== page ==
This has been an all-round bad news sort of day. And of the bad news, the most troubling is that the carry trade is unwinding.
For those of you not familiar with this phenomenon, it consists of borrowing in currencies that have low interest rates and then investing the proceeds in countries and assets that offer higher returns. It’s been compared to picking up nickels in front of a steamroller, because if the currency you are borrowing in appreciates, you have to pay back more than you borrowed, which can wipe out any profits on your clever investment strategy.
The currency at the center of the carry trade is the yen due to its near zero interest rates. Many observers (yours truly included) incorrectly expected the carry trade to unravel in the volatile markets of early March, as hedge funds covered their positions. Otherwise, they risked being caught in the currency version of a short squeeze.
But lo and behold, Japanese retail investors turned out to be even bigger players than the hedge funds. And when the yen went up, that meant it had even more buying power in foreign currency terms. So they’d sell yen, driving the currency back down.
This situation led to considerable handwringing. The carry trade has become so massive that it had become a major source of global liquidity (even the retail traders are leveraged, using margin accounts to hold down positions considerably in excess of the capital they have put at risk). Yet the Japanese authorities were unwilling to intervene, because the strategy was, until recently, profitable and popular.
While we haven’t yet heard from Mrs. Wantanabe (the prototypical Japanese retail currency trader), it appears that Japanese investors are dumping their foreign positions due to the market turmoil (New Zealand and Australia were particularly popular, but the US was on the list as well). As Bloomberg tells us:
The yen advanced the most against the dollar since 1998 as a global rout of stocks and credit markets pushed investors to sell riskier assets funded by loans in Japan.
The yen is the strongest most-actively traded currency today as the carry trades unwound. Global stocks tumbled and companies from Australia to Canada sought emergency funds as they were unable to refinance debt. The last time the carry trade crashed was in 1998 after Russia’s debt default in August. The yen gained 20 percent in less than two months.
“The market is in panic mode,” said Michael Woolfolk, senior currency strategist at the Bank of New York Mellon in New York, the world’s largest custodian bank with over $20 trillion in assets under administration. “It is a full-blown unwinding of the carry trade. This is just the beginning.”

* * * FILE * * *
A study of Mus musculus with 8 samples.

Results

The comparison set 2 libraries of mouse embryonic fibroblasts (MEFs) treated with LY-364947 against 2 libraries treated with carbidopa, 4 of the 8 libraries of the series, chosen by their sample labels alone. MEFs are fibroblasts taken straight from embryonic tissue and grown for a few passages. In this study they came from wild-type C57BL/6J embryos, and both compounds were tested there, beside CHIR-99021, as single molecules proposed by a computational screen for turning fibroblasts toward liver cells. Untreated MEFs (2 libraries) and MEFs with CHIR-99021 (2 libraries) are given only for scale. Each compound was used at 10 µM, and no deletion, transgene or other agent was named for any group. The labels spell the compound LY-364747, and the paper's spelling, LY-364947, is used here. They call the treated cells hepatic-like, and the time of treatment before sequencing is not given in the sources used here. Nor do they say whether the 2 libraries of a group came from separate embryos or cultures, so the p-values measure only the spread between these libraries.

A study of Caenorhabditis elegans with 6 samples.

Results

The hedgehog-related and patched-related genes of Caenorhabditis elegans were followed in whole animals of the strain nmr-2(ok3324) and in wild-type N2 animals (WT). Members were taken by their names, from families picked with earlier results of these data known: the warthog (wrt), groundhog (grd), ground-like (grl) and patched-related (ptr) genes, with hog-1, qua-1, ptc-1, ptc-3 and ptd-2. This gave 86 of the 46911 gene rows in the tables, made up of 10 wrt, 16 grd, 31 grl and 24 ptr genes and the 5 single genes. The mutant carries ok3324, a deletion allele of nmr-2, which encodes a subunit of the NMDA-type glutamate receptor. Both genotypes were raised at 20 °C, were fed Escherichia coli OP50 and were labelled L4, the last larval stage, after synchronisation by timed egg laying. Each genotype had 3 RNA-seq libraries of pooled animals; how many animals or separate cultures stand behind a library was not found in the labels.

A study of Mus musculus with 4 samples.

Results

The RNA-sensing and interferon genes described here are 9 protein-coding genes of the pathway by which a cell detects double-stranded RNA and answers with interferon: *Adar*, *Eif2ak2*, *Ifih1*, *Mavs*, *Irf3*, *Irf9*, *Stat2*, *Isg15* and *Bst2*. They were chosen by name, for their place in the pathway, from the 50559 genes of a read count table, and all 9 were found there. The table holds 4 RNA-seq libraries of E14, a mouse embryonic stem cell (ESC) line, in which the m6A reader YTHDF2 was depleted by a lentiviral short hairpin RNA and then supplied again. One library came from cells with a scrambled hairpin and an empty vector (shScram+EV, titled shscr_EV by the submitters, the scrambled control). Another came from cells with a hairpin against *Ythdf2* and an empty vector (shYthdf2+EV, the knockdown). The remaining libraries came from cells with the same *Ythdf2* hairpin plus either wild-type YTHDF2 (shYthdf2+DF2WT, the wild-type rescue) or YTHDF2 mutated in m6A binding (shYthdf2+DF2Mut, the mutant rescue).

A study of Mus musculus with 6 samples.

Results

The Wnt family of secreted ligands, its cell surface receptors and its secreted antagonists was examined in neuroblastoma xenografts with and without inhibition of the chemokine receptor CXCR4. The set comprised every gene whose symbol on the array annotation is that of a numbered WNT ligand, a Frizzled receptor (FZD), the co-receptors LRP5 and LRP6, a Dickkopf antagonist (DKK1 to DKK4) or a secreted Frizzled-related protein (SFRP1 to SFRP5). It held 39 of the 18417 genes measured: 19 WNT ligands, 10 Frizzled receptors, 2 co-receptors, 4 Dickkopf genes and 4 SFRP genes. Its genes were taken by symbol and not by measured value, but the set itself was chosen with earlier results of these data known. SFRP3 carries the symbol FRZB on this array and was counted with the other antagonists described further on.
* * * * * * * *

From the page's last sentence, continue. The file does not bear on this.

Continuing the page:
The currency was up to as high as 112 yen against the dollar, It wasn’t that long ago that it was stuck in the 122-123 range. This is a serious move and is likely to lead to new-found caution in Japan.
And how bad could it get? Tim Lee, an economist, gave a very grim view in a comment in the Financial Times
Ultimately there must be a sharp convergence of exchange rates with fair values, inflicting heavy losses on carry trades. The size of the global carry trade is at least $1,500bn and losses from a convergence of currencies with fair values could total about $550bn with most of these losses accruing to leveraged speculators.
Given the close linkages between markets, we can be confident that the unprecedented deviations of currencies from fair value resulting from the carry trade are reflected in credit, equities and real estate markets.
For the US, this is confirmed in the ratio of personal sector net worth to GDP. Prior to 1995, this ratio tended to fluctuate at about an average of 3.4. Now, despite the paucity of savings in the US economy, the ratio stands at 4.1. A return to the long-run average would imply a fall in US personal net worth of approximately $10,000bn. With similar trends mirrored across much of the world, total global losses from the coming financial meltdown could easily reach $25,000bn to $30,000bn.
Central banks are likely to attempt to ratify current inflated asset values by inflating prices and incomes to avoid a deflationary economic collapse. Unfortunately, sharp reductions in interest rates in the US, UK and the euro area will lead to a rapid unwinding of the global carry trade, perversely threatening to worsen problems in the credit markets.